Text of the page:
It is February 28 1980.
Joy Division have just played a show in Preston at a tiny, smoke-filled club called the Warehouse not long after recording Atmosphere, the masterpiece that will take on uncanny weight weeks later, when the body of 23-year-old singer Ian Curtis is found hanged in his kitchen.
The Joy Division story often appears misleadingly neat in the telling: two near-perfect albums of unusual grace and gravity, a handful of other songs, some memorable, occasionally violent gigs, then a human catastrophe which forced the surviving members into a fresh life as New Order.
Imitating the sonic power of raw-edged tracks like She’s Lost Control and Interzone and the originality of the band, Transmission, The Sound of Joy Division, stretch their musical tentacles as far back as Warsaw, the punk band that gave birth to Joy Division.
“We all grew up with Joy Division, and their music still resonates today as much as it did then,” said guitarist Chris Haughton, who shares vocal duties in Birmingham band Transmission.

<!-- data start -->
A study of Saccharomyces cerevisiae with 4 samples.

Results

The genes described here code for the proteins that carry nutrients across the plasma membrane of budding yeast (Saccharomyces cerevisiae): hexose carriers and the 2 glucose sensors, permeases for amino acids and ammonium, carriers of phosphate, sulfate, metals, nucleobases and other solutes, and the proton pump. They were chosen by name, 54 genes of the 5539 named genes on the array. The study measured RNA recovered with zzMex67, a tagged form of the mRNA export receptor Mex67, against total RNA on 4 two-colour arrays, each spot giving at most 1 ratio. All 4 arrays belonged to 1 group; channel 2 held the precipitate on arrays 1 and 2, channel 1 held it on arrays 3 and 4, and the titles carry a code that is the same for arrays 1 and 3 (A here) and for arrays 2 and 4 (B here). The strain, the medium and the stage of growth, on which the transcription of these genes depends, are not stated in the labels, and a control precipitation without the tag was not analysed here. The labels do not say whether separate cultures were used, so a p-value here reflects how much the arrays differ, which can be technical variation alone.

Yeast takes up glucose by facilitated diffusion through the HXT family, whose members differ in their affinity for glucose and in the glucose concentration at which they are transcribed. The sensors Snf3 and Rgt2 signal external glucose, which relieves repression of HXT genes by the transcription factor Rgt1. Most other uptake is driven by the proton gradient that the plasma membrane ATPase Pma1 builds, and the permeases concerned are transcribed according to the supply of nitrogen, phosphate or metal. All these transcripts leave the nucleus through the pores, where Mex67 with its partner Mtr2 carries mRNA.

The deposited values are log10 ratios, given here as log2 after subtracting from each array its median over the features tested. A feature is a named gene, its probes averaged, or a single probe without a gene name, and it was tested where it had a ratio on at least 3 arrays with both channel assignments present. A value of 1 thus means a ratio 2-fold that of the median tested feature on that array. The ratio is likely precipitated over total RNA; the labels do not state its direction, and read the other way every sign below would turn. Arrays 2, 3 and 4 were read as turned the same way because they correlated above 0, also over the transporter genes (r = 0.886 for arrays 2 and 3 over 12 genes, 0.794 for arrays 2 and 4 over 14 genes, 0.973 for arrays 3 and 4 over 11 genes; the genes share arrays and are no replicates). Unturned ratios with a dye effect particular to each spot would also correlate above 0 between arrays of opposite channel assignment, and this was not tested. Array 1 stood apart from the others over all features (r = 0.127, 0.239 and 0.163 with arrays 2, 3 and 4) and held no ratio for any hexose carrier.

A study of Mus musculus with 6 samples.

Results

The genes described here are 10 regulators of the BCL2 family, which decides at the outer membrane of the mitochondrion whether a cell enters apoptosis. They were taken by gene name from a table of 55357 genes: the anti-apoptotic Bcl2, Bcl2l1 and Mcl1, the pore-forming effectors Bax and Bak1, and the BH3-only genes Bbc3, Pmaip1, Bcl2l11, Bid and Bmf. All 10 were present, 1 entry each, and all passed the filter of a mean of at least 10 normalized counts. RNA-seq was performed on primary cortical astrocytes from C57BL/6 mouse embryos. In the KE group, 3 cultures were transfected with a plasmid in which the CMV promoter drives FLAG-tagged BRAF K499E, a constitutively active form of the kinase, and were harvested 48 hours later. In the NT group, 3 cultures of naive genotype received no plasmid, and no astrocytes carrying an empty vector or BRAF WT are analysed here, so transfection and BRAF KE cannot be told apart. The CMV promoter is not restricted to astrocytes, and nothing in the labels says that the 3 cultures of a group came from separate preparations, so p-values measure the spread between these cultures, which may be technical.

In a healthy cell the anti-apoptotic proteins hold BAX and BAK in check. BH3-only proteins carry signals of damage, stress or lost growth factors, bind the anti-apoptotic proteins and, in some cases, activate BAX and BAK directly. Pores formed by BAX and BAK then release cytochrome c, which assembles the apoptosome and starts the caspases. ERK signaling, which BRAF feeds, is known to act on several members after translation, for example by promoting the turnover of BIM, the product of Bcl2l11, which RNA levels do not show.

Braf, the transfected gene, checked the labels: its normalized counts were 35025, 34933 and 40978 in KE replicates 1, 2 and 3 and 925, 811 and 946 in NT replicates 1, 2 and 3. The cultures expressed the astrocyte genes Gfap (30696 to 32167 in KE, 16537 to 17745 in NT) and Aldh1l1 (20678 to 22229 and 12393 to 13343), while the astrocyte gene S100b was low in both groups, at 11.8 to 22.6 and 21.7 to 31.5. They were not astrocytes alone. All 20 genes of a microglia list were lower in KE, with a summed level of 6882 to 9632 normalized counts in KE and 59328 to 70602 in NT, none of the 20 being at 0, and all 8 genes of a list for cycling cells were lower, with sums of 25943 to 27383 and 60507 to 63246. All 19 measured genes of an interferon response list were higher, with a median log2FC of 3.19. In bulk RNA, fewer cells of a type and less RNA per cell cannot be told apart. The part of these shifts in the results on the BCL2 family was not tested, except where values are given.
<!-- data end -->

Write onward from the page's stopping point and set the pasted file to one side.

“It was all over very quickly, but Joy Division arguably made as big a contribution to that era as The Sex Pistols with Unknown Pleasures.
“Of course you can’t mimic Ian Curtis on stage, that would be preposterous.
“What we do is to try and keep that incredible sound alive and pay tribute to a unique band.
“There was a brutality in Joy Division’s sound, but such rich beauty too.
“Love Will Tear Us Apart is a beautiful record and has stood the test of time.”
Haughton’s 19-year-old nephew plays keyboards in Transmission, while the rest of the band are all 50-somethings who grew up on a diet of post-punk and ska in the Black Country.
“We’ve played everywhere, but the people in the north are the ones who really get us and there’s always a good vibe at the shows, with a lot of the younger generation discovering Joy Division again.
“We don’t make any money – we are lucky if we break even – it is a labour of love but one we enjoy.”
Transmission, the sound of Joy Division, Crystal Mindset and Roller, October 19, Clitheroe Grand Theatre. 01200 421599.